Each week, RBI’s journalists select a deal that illustrates the themes driving change in our sector. The deal may not always be the largest in value, or the highest profile. But we select it because of what it tells us about where the leading companies are focusing their efforts, and why. We pick apart the deal itself, and the industry theme behind it. This new, thematic deal coverage is driven by our underlying Disruptor data which tracks all major deals, patents, company filings, hiring patterns and social media buzz across our sectors. 

The deal

US-headquartered neobank is to snap up BNPL outfit Uplift.  Back in 2019, Uplift was celebrating a successful Series C funding round, having raised $123m. Back then, BNPL was booming. BNPL worked with partners such as the holiday package sites of airlines to offer financing to travellers, allowing them to pay for their trips in instalments. In total, Uplift raised nearly $700m in equity and debt. Fast forward to 2013 and Uplift faces rising delinquency rates and the threat of BNPL sector regulation.

Why it matters

The deal is notable for a number of reasons, not least as it is further evidence of the need for consolidation in the crowded and largely unprofitable BNPL sector. It is hardly the exit that investors in Uplift will have wished. As recently as two years ago, BNPL was booming, boosted by pandemic era-expenditure habits.

BNPL critics, of which there are a growing number, will argue that the Upgrade/Uplift deal highlights that the BNPL bubble is over.

At their peak in 2021, the quoted BNPL stocks were worth $38bn. Their combined market cap today is below $500m. The BNPL sector is a sea of red with BNPL outfits struggling to survive. IOUpay and Open pay failed. Payright and Laybuy delisted from the ASX. Humm cut back on BNPL and withdrew from Europe and New Zealand. Latitude Pay gave up on BNPL in March. As for market valuations of other notable players, the share prices of Douugh, Fatfish, Sezzle, Splitit and Zip are all down by more than 90% since their respective peaks.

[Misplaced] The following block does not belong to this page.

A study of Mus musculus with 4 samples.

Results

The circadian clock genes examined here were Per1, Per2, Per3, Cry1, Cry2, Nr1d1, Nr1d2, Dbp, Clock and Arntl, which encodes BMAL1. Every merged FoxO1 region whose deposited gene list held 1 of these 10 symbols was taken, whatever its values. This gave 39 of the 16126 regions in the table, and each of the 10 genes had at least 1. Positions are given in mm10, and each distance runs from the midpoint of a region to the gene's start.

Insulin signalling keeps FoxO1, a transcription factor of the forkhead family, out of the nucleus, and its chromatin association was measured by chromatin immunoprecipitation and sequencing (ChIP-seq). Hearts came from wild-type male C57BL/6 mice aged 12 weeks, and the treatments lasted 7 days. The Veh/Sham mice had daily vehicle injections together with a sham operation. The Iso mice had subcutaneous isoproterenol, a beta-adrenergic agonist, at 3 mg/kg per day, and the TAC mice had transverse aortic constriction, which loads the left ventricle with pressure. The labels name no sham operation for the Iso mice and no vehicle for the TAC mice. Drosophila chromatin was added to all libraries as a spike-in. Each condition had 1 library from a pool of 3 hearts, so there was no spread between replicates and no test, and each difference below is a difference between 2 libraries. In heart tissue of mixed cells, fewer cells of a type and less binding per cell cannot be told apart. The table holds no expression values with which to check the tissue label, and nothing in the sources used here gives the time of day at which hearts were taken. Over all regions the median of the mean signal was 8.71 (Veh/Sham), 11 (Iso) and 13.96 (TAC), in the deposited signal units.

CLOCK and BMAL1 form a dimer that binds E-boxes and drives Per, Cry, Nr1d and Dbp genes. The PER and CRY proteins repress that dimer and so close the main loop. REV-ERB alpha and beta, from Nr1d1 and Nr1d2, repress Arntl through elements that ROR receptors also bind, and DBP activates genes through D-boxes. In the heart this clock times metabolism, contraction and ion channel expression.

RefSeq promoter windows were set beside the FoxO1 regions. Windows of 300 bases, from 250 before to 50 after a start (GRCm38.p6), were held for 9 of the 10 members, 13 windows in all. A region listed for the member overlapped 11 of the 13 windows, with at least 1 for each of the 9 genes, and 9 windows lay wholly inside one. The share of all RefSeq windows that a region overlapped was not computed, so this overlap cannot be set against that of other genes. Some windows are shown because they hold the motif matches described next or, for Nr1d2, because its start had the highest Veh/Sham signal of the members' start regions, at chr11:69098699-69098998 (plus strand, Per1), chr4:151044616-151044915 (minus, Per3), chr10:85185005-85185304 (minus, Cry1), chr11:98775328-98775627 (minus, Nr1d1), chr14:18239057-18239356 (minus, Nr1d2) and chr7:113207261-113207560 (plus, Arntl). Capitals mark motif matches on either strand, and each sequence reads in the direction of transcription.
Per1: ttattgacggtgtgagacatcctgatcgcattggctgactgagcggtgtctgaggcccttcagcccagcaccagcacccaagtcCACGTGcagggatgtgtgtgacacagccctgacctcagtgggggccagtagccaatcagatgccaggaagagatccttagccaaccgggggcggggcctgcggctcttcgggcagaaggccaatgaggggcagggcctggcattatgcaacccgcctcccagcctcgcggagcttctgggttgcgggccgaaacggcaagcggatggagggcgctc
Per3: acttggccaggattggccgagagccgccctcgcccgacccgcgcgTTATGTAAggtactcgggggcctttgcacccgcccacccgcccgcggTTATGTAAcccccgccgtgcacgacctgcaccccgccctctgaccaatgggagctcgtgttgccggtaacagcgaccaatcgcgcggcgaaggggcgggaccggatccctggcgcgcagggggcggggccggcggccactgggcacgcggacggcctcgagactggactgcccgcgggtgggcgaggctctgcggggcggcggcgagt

Even Klarna, once Europe’s most valuable VC-backed outfit, suffered an 85% valuation cut.


Ravi Sharma, lead banking and payments analyst at GlobalData, is more upbeat as regards the sector in general and this deal in particular. He tells RBI: “Tourism which was one of most affected sectors by the pandemic has now picked up pace with significant rise in travel activities globally. Although there has been recovery in economy post pandemic, most markets are now facing new challenges in the form of heightened geopolitical risks, high inflation, and interest rates. This has led to an emerging trend with consumers preferring to make deferred payments on their travel packages instead of parting with money at one go. Buy now pay later (BNPL), therefore, fills a significant void in this space, providing an opportunity of players operating in this space.”

Sharma adds: “Uplift is a BNPL service provider mainly focussed on the tourism sector in the US and Canada. This deal marks Upgrade’s entry into the lucrative BNPL and means it can serve Uplift’s 3.3 million customers in addition to its own 2.5 million customers. Upgrade will also have access to Uplift’s partnership with over 300 largest airlines, cruise lines, and hotel chains. Additionally, the deal will also provide Upgrade a cross-selling opportunity for its financial products and services to a wider customer base.”

The detail

Upgrade has weighed a possible IPO in 2023. This deal may well impact any IPO timetable. Upgrade has delivered over $24bn in affordable and responsible credit to mainstream consumers through cards and loans since its inception in 2017. Travel financing fits within Upgrade’s strategy of making credit available at the point of sale to finance meaningful expenses such as buying a car or making home improvements, in addition to making credit available directly to consumers through cards and loans.

Neo bank Upgrade will pay $100m in cash and shares for Uplift. The new entity will look to benefit from areas of potential synergy, combining Uplift’s 3.3 million customer to add to Upgrade’s 2.2 million existing customers.